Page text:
The Copenhagen Kowtow

December 19, 2009

Denmark sells out Taiwan and Tibet to advance the green agenda.

The Weekly Standard, by Kelley Currie
12/18/2009 12:00:00 AM

While the U.S.-China tiff at the UN Climate Change Conference in
Copenhagen was grabbing headlines last week, the conference hosts
quietly issued a diplomatic note stating that Denmark "attaches great
importance to the view of the Chinese government" on Tibet-related
issues, "takes seriously the Chinese opposition" to government meetings
with the Dalai Lama, and "will handle such issues prudently." The note
also reaffirmed Chinese sovereignty over Tibet and Taiwan in language
that sounded as if the Chinese Ministry of Foreign Affairs wrote it. It
was quite a diplomatic coup for the Chinese regime, which had spent the
better part of the week sabotaging the Copenhagen talks.

The Danes had previously been one of the strongest European supporters
of Tibetan and Chinese human rights. In 1997, the Chinese government
memorably attacked Denmark for its co-sponsorship of a resolution on
China at the then-UN Human Rights Commission, warning that the
resolution would "become a rock that smashes on the Danish government's
head." But economic and political pressure has been building on
successive Danish governments to take a more "pragmatic" approach.
Following Danish Prime Minister Lars Lokke Rasmussen's May 2009 meeting
with the Dalai Lama, the Chinese reportedly froze relations with the
Danes, including on climate negotiations.

Denmark's foreign policy and political elite have portrayed this latest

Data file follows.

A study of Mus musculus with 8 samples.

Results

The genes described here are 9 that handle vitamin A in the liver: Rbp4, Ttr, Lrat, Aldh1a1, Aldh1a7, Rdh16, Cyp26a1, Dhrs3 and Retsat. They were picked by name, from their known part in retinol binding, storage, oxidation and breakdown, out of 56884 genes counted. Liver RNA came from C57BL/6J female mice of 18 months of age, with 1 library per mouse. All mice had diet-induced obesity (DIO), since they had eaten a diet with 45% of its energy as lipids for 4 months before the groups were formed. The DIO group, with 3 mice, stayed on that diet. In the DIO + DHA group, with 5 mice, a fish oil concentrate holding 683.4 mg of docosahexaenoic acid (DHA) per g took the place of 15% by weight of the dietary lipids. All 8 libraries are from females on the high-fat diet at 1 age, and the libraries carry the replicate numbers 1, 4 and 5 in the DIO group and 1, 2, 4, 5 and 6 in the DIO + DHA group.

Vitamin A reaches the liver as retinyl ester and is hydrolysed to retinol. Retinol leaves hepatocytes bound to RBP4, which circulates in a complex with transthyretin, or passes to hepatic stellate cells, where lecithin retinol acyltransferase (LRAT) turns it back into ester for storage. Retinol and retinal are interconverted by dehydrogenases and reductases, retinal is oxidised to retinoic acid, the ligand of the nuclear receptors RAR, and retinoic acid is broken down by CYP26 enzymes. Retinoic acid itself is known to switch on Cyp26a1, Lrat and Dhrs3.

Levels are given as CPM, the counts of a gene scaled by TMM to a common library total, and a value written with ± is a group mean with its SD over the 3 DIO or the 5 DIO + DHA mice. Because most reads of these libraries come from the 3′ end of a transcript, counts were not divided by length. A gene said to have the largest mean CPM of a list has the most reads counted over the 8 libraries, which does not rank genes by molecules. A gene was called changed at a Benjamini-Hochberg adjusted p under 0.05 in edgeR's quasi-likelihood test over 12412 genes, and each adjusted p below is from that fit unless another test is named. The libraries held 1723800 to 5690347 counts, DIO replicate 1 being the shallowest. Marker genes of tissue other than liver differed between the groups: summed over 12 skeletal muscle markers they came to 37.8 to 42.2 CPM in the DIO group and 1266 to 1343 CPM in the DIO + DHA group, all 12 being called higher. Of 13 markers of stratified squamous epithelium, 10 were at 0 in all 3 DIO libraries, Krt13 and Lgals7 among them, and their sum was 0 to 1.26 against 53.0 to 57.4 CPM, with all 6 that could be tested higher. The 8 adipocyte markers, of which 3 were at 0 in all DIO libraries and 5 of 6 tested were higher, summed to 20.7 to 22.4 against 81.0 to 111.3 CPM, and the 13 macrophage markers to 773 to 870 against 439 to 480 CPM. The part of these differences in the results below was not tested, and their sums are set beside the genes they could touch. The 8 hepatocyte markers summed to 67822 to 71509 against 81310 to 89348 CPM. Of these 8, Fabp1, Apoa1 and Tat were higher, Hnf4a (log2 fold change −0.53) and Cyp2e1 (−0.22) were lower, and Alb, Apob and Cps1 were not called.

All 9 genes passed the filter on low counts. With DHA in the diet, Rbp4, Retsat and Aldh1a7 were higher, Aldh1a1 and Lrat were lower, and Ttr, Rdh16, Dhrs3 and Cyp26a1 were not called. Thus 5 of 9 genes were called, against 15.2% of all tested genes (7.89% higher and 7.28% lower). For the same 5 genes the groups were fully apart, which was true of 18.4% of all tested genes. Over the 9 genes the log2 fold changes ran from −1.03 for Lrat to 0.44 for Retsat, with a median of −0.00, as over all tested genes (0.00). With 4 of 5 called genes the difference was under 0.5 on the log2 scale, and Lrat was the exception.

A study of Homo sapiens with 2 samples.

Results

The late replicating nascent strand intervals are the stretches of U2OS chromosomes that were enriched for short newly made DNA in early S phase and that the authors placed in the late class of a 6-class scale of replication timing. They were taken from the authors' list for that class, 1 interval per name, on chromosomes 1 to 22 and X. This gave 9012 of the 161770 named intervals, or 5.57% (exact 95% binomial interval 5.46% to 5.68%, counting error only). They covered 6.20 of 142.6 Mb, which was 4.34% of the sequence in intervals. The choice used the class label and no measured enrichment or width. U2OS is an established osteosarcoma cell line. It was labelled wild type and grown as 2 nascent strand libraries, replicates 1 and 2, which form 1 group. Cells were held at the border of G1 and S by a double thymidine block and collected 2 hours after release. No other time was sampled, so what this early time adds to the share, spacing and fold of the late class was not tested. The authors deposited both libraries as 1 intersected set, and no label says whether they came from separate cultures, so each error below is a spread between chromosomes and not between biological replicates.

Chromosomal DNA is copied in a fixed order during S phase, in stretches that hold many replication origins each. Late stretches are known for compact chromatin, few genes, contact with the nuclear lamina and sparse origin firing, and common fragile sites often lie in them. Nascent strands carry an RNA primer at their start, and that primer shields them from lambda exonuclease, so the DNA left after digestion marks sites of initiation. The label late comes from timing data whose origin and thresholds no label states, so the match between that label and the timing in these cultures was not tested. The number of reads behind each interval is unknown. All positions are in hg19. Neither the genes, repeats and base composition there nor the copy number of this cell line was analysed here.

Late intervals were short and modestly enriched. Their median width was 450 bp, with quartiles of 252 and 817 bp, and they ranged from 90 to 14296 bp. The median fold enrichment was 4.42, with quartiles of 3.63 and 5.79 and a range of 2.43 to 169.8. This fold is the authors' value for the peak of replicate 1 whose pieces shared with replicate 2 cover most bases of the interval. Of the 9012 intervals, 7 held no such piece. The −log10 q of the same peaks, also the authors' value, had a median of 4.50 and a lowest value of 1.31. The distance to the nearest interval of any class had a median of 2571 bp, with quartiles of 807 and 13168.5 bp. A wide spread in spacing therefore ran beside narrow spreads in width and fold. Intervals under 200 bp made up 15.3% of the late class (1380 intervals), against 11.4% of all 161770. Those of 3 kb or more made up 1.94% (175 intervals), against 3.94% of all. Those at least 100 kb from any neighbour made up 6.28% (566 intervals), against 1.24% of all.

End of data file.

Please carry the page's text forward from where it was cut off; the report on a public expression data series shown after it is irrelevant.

move as an entirely sensible response to China's growing power, and a
necessary step to keep the "more important" climate agreement on track.
In abandoning their long record of strong support for Tibet, the Danes
are following the example of nearly every other Western democracy. In an
effort to soothe Chinese anger following their meetings with the Dalai
Lama, French, German and Canadian leaders have issued similar statements
or otherwise downplayed human rights concerns. The leaders of Australia
and New Zealand have followed President Obama's example in refusing to
meet with the Dalai Lama during his recent visits to their countries,
and other nations appear to be doing the same. And the list goes on,
with China achieving victory after victory by doing little more than
pitching diplomatic hissy fits.

But as one of the last holdouts against China's blackmail diplomacy,
Denmark's collapse should be cause for concern and soul-searching about
the continued viability of the international human rights system. This
is particularly true given China's consistent willingness to hold
hostage its cooperation on a range of global public goods and important
regional and bilateral issues in order to achieve a virtual blackout of
international criticism of its human rights record. The Chinese have
long claimed that the West cynically uses human rights as a political
tool to contain China's rise. We prove them right every time a Western
country abandons its principles by treating human rights issues as
bargaining chips to be given away for marginal improvements to a global
climate agreement, a heavily qualified promise of support on Iranian
nuclear issues, the illusion of access to the Chinese market, or even
just an improvement in the "atmospherics" of the relationship.